Academics in UK universities – pressure vessels in a sea of metrics

A huge rise in mental health referrals amongst academics is the result of increasingly stressful working conditions, argues researcher and independent scholar Liz Morrish


It is often said that lecturers’ working conditions are students’ learning conditions. My report for the Higher Education Policy Institute, Pressure Vessels: the epidemic of poor mental health among higher education staff, published in May 2019, offered a bleak view of the worsening workplace experience of academics and professional staff in UK universities.

Those who work in universities are painfully aware of escalating stress among academics and professional staff and most of us will know a colleague who is away from work or is leaving academia entirely. Seeing this epidemic worsen, a group of researchers decided to quantify these perceptions and lodged freedom of information requests about the number of referrals to counselling and occupational health with 59 universities which employ over 2000 staff members. This data provided the basis for the Pressure Vessels report and covered the years from 2009 to 2015, with some universities providing data relating to 2016. Not all of these referrals were due to workplace stress but we can certainly make an inference from the year-on-year increases apparent at many universities which appear to correlate with an increase in the factors we know are causing mental ill-health.


Counselling and occupational health referrals have sky-rocketed

My report showed:

  • An overall increase in referrals to counselling of 293% over 2009-2015
  • An overall increase in referrals to occupational health of 165% over 2009-2015

Some universities have seen exceptional rises. In just three years, 2013-2016, counselling referrals rose 146% at De Montfort University, while across the full span of years surveyed, the University of Kent saw the largest increase of 316%.

In terms of occupational health referrals, the University of Kent distinguished itself with a 424% increase from 2009 to 2016. Kent and the University of Cambridge saw sustained annual increases every year from 2009.  In just one year, 2015-2016, De Montfort University saw a rise of 314%; at Sheffield Hallam it was 240% and at the University of Hertfordshire 339%.


More students, fewer academics, increased workloads

This betokens a picture of declining mental health in the face of escalating pressures. Some of these result from government demands that universities should become more marketised and accept larger student numbers with level or declining staff numbers. Other pressures are imposed internally, such as demands to win research grants to ensure promotion (or even keep an academic job), or to satisfy the metrics of the next teaching or research audit. The causes listed below are complex and interacting and their consequences are gendered, raced and generational.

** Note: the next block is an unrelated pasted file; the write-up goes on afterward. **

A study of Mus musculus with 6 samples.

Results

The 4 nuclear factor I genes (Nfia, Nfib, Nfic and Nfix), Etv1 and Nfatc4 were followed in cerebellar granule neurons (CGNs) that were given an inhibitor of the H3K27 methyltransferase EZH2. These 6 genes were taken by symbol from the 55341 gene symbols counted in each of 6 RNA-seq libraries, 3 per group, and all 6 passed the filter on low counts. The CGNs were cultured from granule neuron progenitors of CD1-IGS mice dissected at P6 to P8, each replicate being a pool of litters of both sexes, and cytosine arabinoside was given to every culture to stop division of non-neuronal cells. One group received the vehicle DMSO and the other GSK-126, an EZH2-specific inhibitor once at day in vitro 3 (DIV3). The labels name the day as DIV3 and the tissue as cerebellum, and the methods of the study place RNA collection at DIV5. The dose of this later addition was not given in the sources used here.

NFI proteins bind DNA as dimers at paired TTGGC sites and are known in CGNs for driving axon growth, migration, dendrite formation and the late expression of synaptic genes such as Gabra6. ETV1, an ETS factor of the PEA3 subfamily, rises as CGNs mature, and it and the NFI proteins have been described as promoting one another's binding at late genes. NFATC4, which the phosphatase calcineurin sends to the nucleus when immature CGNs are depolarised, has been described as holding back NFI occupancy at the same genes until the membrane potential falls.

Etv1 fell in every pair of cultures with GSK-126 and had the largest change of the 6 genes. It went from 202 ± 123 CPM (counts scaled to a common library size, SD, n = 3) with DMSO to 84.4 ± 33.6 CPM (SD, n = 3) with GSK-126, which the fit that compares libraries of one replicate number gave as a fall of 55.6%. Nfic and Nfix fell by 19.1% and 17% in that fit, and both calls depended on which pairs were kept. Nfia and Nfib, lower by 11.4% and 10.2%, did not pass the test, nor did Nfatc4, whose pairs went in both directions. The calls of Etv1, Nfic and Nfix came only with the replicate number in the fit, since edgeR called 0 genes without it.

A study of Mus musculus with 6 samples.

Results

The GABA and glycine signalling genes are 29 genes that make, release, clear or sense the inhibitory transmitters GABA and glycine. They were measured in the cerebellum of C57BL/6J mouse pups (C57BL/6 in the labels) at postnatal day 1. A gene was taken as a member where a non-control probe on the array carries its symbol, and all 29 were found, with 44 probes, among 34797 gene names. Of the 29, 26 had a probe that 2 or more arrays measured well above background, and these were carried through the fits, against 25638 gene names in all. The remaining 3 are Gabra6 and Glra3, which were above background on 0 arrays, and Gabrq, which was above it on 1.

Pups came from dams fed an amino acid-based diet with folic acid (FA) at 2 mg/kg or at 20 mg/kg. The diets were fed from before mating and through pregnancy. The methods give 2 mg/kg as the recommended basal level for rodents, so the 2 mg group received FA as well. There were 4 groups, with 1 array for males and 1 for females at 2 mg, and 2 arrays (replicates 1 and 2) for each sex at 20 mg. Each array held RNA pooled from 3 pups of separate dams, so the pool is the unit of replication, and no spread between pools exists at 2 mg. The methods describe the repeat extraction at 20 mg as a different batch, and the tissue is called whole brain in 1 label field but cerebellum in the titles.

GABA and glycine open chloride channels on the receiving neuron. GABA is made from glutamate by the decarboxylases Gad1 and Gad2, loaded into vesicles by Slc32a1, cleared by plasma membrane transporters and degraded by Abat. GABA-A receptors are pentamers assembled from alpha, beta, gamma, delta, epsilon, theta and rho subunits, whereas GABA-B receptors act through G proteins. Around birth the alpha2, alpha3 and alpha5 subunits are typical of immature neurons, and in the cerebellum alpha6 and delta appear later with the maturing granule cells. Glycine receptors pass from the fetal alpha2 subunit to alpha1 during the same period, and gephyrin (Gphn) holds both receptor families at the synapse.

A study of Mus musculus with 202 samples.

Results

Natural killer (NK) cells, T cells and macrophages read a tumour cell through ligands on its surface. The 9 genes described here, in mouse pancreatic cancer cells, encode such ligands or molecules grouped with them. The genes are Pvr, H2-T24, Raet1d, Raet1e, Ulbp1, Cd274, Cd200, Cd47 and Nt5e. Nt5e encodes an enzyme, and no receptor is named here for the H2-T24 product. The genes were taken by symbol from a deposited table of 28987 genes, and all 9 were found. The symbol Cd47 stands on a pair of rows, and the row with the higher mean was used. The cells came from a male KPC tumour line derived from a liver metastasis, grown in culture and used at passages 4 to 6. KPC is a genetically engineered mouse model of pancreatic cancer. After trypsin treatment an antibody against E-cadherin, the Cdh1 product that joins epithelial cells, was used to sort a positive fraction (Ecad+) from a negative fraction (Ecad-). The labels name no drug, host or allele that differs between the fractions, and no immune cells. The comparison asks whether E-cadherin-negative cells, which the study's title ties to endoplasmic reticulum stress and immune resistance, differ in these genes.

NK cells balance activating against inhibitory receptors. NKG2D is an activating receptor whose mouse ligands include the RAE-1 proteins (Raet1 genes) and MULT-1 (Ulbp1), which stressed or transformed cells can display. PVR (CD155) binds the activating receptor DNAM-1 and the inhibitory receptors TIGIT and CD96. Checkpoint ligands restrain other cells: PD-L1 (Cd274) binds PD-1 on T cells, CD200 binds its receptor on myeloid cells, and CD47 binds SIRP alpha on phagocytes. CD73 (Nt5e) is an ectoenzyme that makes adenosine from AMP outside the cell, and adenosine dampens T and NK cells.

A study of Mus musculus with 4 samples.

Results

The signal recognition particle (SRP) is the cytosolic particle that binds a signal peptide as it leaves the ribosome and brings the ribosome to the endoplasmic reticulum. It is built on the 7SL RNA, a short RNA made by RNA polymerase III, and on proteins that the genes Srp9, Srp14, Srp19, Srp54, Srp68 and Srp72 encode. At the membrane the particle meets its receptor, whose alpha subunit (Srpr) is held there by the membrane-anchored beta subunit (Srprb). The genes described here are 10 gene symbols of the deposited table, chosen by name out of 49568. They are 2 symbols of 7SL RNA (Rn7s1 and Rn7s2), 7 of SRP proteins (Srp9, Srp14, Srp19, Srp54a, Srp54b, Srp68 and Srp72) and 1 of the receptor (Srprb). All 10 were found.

• Modern workload models claim to equalise academic workloads but often lead to an undercounting of hours credited to each task or workstream (time laundering). Many tasks which depend on cooperation and exchange, such as reviewing books and articles, external examining, mentoring etc. are not counted at all (workload invisibility). Additionally, many colleagues, especially those on teaching-only or temporary contracts, will find themselves scheduled up to capacity at the beginning of the year with little flexibility to accommodate sudden exigencies. These factors all add up to an intensification of academics’ work at the same time as it has become more contingent and insecure.
  • Outcomes-based performance management often requires academics to fulfil a portfolio of expectations such as a threshold amount of research grant capture, a ‘throughput’ of PhD completions, submission to the REF with 3* or 4* publications and an impact case study. Demands for ‘excellence’ in all these areas, in addition to teaching evaluations, have led to universities being dubbed ‘anxiety machines’.

Managers would point to a supportive architecture of human resource departments, occupational health and employee assistance programs. Some employers were dismissive of my analysis and findings.


Does academia really have a lower staff turnover?

My contemporaneous notes of a discussion which took place at Universities UK on 14 October 2019 indicate that Nicola Carter of the Universities and Colleges Employers Association (UCEA) claims academia has lower turnover than other sectors. The UCEA Higher Education Workforce Report 2019 appears to take its figures from Higher Education Statistics Agency (HESA) data.

These figures show an 8% turnover rate for academics while, according to the Advisory, Conciliation and Arbitration Service (ACAS), turnover in UK employment generally is 15.5%. I have not been able to confirm UCEA’s figures by consulting the HESA source. My search returns a figure of 17.4% turnover for academics in 2017/18 – rather higher than for the general population. (See the table ‘HE academic staff starters and leavers by HE provider and mode of employment Academic years 2014/15 to 2017/18’).

It is unhelpful for employers to persist in denial of problems arising from workplace stress especially as there are relatively cost-neutral solutions. Careers can and should be made sustainable and enjoyable by acknowledging and reducing the toxic impact of surveillance, short-term targets and workloads which exceed contractual limits. And as Mike Thomas makes clear in the foreword of the report, if everything is working as expected, why are so many of our colleagues unwell and continue to be so?